From Dusk Till Dawn (1996) is far from the best of Robert Rodriguez’s films, coming out a full five years before he really hit his creative stride with Spy Kids (2001). The film is very much a movie made by a man trying to figure out what fits his style as a director, oscillating between the relative seriousness and the inherent cheesiness that Rodriguez would later learn to wholeheartedly embrace. From Dusk Till Dawn—despite some shortcomings—is nevertheless an entertaining preview of things to come, and the first time Rodriguez really flirted with the kind of gory schlock that later cropped up fully-formed in Planet Terror (2007) and Machete (2009). The film is also of interest to Quentin Tarantino fans, since—with Rodriguez working from a Tarantino script—the From Dusk Till Dawn marks the most intensive collaboration between these two friends in a long filmography of occasional cinematic fraternization, and the opportunity to witness an admittedly odd Tarantino script directed by a true, assured stylist (and no, Tony Scott doesn’t count).
The film works on a sort of gimmick, starting off as the kind of crime thriller Tarantino was known for at that time, complete with his usual snappy dialogue, though thankfully devoid of any asides about Royales with cheese. The gimmick—if it can really be considered one—is that the film, right around the half-way mark, suddenly and unexpectedly (to the degree it can be unexpected, since it was all over the film’s trailers and, well, in this review) turns into a full-blown horror movie, though one that leans less on atmosphere and more on action.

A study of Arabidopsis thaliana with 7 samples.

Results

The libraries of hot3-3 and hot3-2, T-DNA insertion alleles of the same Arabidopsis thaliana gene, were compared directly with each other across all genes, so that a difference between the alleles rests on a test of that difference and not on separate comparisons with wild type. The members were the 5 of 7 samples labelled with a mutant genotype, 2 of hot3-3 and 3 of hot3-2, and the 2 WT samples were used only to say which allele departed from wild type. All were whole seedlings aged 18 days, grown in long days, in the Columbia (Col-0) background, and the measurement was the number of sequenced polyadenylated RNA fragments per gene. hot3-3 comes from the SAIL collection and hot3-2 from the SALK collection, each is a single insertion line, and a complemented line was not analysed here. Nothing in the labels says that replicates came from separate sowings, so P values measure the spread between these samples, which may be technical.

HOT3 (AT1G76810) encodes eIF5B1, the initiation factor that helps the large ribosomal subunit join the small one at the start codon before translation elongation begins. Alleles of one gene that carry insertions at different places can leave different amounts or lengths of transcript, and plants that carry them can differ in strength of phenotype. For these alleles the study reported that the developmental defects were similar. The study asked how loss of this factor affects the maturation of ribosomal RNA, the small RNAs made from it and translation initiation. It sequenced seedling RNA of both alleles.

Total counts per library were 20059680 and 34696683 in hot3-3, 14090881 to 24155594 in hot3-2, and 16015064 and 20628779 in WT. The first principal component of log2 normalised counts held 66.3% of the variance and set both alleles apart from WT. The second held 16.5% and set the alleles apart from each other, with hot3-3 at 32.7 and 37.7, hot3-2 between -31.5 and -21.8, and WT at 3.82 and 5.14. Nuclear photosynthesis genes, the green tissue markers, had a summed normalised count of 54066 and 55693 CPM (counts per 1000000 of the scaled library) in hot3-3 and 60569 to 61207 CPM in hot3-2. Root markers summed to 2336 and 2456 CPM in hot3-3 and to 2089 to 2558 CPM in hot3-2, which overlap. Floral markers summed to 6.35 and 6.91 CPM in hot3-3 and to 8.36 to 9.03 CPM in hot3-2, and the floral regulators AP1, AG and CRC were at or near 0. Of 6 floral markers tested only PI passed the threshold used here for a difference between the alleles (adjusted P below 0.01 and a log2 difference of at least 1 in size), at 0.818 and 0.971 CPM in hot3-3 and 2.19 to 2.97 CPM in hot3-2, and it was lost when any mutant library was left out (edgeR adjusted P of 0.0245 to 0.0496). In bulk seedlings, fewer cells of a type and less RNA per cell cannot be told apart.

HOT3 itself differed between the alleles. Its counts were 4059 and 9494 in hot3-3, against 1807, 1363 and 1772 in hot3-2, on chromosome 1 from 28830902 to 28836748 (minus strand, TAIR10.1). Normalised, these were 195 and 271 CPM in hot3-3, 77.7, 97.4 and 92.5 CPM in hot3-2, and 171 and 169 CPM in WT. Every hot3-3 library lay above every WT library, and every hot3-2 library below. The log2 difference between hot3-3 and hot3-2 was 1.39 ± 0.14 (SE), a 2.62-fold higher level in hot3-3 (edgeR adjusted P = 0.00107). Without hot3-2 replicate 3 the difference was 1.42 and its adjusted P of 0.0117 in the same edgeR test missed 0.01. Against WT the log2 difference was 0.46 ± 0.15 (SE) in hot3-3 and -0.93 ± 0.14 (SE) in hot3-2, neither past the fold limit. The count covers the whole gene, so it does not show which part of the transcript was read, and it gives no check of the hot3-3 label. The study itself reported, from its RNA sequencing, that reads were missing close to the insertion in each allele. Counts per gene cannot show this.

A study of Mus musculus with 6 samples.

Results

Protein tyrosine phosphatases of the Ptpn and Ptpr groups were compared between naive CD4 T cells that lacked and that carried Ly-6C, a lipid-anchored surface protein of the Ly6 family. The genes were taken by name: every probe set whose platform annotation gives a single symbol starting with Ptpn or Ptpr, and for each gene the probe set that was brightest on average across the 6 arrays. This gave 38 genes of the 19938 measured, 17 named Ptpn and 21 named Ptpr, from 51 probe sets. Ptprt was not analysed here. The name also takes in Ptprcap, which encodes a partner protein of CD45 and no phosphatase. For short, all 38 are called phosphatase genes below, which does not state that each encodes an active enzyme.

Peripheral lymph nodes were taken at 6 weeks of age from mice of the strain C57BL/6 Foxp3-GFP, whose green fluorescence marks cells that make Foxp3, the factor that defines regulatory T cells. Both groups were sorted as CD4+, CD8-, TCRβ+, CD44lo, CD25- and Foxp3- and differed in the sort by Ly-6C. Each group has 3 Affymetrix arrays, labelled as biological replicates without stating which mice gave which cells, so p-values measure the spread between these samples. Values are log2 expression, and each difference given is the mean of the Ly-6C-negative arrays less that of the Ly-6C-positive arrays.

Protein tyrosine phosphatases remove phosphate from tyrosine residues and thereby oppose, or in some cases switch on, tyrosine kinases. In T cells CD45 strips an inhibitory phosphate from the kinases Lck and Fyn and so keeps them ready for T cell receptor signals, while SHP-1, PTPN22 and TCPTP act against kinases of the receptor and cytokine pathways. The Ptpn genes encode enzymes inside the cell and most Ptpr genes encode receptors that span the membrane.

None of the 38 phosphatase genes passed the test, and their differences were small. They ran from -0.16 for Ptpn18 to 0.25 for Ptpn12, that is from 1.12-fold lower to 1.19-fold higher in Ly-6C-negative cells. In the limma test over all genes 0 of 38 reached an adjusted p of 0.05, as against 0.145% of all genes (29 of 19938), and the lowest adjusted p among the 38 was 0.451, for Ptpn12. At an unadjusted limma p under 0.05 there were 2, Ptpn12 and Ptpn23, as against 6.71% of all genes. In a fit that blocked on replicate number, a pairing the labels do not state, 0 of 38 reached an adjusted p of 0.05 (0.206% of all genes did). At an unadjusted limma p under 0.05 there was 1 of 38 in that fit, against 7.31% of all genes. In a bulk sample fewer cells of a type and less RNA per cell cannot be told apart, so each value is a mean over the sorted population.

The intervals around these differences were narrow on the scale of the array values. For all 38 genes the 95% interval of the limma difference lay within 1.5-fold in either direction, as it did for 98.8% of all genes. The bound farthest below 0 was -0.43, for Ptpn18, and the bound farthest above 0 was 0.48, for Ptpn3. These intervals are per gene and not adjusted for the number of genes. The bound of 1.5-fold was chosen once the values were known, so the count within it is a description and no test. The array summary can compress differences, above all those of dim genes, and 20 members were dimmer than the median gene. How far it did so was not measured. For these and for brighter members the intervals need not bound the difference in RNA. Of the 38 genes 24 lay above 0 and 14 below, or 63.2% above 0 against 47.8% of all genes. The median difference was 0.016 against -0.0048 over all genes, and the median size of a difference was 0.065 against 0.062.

The film opens with Richard Gecko (Tarantino) having just busted his brother Seth (George Clooney) out of jail. The two are attempting to escape to Mexico, but with a trail of dead bodies in their wake and the entirety of Texas law enforcement after them it won’t be easy. At a cheap roadside motel, the two brothers happen upon Jacob (Harvey Keitel)—a former preacher having a bout of lost faith—and his two adopted kids, Kate (Julliette Lewis) and Scott (occasional TV actor Ernest Liu). Taking the family hostage and using their Winnebago to sneak across the border, the group ends up in a dive bar full of truckers and bikers, only to find out it becomes infested with vampires when the sun goes down.
Here, the movie’s mostly about vampire killing, and while some of it can be a bit clunky, it never takes itself too seriously, going mostly for the kind of splattery horror comedy that would make Peter Jackson proud. It helps that Rodriguez and Tarantino aren’t trying to reinvent the genre. Despite their grotesque looks (they’re closer to Max Schreck than Bela Lugosi), these are very much movie vampires (right down to a Peter Cushing reference). This, however, doesn’t keep the film from playing with conventions. We get characters who off these monsters with holy-water-filled Super Soakers, or with a pencil through the heart. Some of the effects are a bit on the cheesy side, but it suits the film’s attitude—as well as the kind of fun trash Rodriguez revels in. Plus, it’s kind of nice to see a film that relies more on animatronics and make-up work before the world of cinema got besieged by CGI.
The film is full of the usual Rodriguez regulars, from Danny Trejo, to Salma Hayek, to Cheech Marin in three roles (with his second appearance almost making the movie on its own). Even Michael Parks as Texas Ranger Earl McGraw makes his first appearance, a character that not only shows back up in Planet Terror, but in both of Tarantino’s Kill Bill films and his Death Proof (2007). Tarantino himself even gives a good performance, which may or may not have anything to do with the fact that his character is a sleazy creep. But what really makes the film work is George Clooney at his coolest, just a few years before he really cemented himself as the movie star of his generation—not to mention this is one of the final times you could ever dream of seeing Harvey Keitel billed above him. Even while being a murderer and thief, he’s still kind of likable. While a good chunk of those involved have gone on to make better movies, From Dusk Till Dawn remains a solid piece of stylish entertainment from Robert Rodriguez.